As Prepared for Delivery on June 24, 2021
Thank you, Myra, Joe, and Gira for your efforts to finalize the capitalization of interest rule, which the NCUA Board is considering today. I would also like to thank Ariel, Alison, Matt, Martha, and the many others on the NCUA staff for their work on this matter. This rulemaking has been a team project. Through hard work and cross-agency collaboration, we have developed a well-crafted final rule that protects members and provides credit unions with needed flexibility.
This rule is another targeted measure by the NCUA Board aimed at helping credit unions and their members navigate the COVID-19 pandemic’s economic environment. The final rule will also give credit unions parity with banks, Fannie Mae, Freddie Mac, and the Federal Housing Administration, all of which already allow servicers to capitalize interest as part of a prudent modification program.
The clouds of the pandemic appear to be lifting at this time, and we are starting to see the green shoots of an economic recovery taking root. Credit unions have generally weathered the pandemic fairly well and reported strong net income, steady loan growth, and lower delinquency rates in the first quarter of this year. I must caution everyone, however, that we are not entirely out of the woods of the pandemic’s financial and economic disruptions just yet.
For more than a year, several government stimulus programs and interventions have saved the economy from a more severe contraction. But, many of these initiatives are now starting to end. Only when these programs expire will we know the pandemic’s actual effects on consumers’ personal finances and credit union balance sheets.
One thing that we do know is that expiring unemployment benefits, mortgage forbearance programs, and eviction moratoriums, along with slow job growth, will cause many households to experience financial stress in the months ahead. This is especially true for low-income individuals and communities of color, which were disproportionately affected by the pandemic and the resulting recession. A personal finance storm could lie ahead for many, and credit unions need to have appropriate tools to support their members.
For borrowers experiencing financial hardship, a prudently underwritten and appropriately managed loan modification, consistent with consumer financial protection laws and safe-and-sound lending practices, is generally in the long-term best interest of both the borrower and a credit union. Such modifications may allow borrowers to remain in their homes and help to minimize the costs of default and foreclosure for both the credit union and its member.
That is what makes this final rule on the capitalization of interest such an important measure. Specifically, the final rule would remove the prohibition on credit unions from capitalizing interest on loan modifications while maintaining the important prohibition on a credit union capitalizing credit union fees and commissions. It also establishes ability-to-repay requirements to ensure that the addition of unpaid interest to the principal balance of a mortgage loan will not hinder the borrower’s ability to make payments or become current on the loan. These measures would apply to workouts of all types of member loans, including commercial and business loans.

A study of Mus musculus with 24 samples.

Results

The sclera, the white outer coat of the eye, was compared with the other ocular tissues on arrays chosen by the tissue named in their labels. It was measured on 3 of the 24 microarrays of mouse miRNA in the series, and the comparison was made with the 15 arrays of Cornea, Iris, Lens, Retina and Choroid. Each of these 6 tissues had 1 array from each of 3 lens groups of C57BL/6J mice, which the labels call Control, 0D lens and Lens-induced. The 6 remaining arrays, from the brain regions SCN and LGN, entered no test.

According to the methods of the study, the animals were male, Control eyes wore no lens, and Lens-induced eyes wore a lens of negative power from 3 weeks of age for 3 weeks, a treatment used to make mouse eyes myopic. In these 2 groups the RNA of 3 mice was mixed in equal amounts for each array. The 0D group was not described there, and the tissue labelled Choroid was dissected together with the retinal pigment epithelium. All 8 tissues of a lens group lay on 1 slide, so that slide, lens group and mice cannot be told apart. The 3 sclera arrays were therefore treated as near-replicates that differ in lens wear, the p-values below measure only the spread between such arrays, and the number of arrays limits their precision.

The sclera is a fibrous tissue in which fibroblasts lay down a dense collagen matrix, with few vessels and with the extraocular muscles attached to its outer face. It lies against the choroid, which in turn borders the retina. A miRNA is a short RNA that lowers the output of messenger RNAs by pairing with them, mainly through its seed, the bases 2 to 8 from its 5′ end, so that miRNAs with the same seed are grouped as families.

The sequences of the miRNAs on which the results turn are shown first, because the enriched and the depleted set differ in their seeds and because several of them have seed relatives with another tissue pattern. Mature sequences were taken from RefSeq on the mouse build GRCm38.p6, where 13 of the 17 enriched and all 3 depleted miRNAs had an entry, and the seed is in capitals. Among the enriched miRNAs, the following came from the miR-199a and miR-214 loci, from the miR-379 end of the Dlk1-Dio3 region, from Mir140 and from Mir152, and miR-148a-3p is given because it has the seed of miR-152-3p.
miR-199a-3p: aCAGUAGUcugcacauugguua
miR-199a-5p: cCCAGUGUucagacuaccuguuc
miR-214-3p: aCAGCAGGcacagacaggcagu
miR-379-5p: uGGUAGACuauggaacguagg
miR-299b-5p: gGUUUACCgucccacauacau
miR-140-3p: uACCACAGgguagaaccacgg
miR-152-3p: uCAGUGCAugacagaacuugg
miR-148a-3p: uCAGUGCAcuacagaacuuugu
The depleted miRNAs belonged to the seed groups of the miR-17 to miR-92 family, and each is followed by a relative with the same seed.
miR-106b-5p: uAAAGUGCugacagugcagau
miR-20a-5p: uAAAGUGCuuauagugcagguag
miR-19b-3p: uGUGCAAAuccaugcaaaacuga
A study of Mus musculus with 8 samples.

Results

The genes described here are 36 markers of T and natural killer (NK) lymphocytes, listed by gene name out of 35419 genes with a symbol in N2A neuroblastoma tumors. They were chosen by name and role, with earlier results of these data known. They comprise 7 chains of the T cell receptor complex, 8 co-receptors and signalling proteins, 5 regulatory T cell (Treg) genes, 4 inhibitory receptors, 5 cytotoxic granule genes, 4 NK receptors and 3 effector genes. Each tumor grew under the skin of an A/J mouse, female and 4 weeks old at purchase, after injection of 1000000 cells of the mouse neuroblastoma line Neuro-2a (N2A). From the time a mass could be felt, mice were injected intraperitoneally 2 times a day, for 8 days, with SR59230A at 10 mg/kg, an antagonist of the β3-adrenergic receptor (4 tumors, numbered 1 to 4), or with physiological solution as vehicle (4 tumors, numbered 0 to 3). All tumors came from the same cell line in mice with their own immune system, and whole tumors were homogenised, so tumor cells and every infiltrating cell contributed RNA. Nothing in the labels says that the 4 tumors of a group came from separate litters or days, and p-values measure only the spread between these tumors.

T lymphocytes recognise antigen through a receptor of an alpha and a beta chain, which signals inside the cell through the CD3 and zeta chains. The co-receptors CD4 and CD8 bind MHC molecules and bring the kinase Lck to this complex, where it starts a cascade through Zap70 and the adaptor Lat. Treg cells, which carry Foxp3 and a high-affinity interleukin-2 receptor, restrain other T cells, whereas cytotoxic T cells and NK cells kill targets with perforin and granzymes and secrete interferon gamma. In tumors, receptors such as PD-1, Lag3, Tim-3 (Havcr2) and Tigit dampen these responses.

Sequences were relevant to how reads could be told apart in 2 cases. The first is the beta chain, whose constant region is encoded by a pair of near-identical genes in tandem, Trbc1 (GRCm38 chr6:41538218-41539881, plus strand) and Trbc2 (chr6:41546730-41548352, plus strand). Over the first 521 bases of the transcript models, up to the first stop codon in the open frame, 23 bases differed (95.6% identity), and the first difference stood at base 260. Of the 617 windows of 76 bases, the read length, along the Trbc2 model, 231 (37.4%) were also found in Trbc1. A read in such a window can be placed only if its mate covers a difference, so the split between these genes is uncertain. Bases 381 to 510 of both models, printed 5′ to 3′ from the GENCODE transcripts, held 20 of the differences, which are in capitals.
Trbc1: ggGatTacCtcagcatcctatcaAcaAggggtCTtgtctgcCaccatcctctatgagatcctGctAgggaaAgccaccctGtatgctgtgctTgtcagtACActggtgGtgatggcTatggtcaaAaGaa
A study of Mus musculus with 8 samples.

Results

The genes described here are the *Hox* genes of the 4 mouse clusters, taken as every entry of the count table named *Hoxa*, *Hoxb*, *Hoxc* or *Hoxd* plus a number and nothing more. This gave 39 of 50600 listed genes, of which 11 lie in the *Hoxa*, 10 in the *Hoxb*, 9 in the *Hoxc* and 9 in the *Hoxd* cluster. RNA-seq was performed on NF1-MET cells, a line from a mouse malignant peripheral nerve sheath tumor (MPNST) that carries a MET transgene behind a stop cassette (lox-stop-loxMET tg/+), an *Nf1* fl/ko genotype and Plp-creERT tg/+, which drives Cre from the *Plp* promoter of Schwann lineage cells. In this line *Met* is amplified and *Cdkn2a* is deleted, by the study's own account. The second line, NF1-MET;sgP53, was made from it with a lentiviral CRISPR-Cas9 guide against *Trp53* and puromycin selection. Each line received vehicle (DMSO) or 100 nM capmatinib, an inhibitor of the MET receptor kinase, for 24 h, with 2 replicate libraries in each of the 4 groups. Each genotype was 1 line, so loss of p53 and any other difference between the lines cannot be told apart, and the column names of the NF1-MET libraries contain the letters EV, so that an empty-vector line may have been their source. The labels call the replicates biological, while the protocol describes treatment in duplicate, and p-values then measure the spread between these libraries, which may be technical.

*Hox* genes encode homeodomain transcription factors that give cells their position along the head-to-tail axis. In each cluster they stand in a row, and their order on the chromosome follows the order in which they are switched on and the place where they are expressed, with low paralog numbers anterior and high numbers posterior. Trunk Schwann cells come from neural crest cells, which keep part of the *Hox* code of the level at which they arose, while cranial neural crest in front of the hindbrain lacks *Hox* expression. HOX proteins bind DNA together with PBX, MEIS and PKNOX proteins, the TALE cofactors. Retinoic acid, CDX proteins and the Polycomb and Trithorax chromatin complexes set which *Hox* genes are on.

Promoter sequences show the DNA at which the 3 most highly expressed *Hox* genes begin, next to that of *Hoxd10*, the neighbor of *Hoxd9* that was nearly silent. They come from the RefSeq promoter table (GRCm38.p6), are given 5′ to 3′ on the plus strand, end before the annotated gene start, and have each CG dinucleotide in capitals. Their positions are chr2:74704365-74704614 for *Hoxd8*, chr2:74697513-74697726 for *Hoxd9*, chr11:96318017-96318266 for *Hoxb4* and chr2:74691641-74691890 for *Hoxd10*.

As I noted when this rule was first proposed, the NCUA Board expects that federally insured credit unions provide capitalization of interest as only one of several components in any loan modification — such as extending the term of the loan or lowering the interest rate — which are designed to help borrowers resume affordable and sustainable payments. In other words, capitalization of interest is one potential ingredient in the recipe to modify a loan.
Additionally, it is important to underscore that the “best interest of the borrower” provision in this rule prohibits predatory lending practices, such as negative amortization. And, in those cases where state law applies and is more stringent, credit unions must comply with those consumer financial protection standards. So, this rulemaking establishes a regulatory floor, not a ceiling for consumer financial protection.
Finally, the NCUA has instructed its examiners to refrain from criticizing a credit union’s efforts to provide prudent relief for members, when conducted in a reasonable manner with proper controls and management oversight. As such, credit unions should continue to focus on the needs of their members and the communities they serve by providing prudent relief measures like the capitalization of interest as part of a loan modification package. In the long term, members will remember who supported them during their times of need. And, credit unions will be fulfilling the cooperative philosophy at the heart of the credit union movement.
Before recognizing my fellow Board members, I do have a few questions that I will ask together. What are the plans for issuing new letters to credit unions about this change in our rules? How quickly will we act? And, how quickly can credit unions start using this new tool?
Thank you for that response. As we learned during the Great Recession more than a decade ago, avoiding foreclosure to the greatest extent possible is often a win-win-win for consumers, credit unions, communities, and our country. This final rule should serve members and our economy well in the long term.
That concludes my remarks. I now recognize Vice Chairman Hauptman.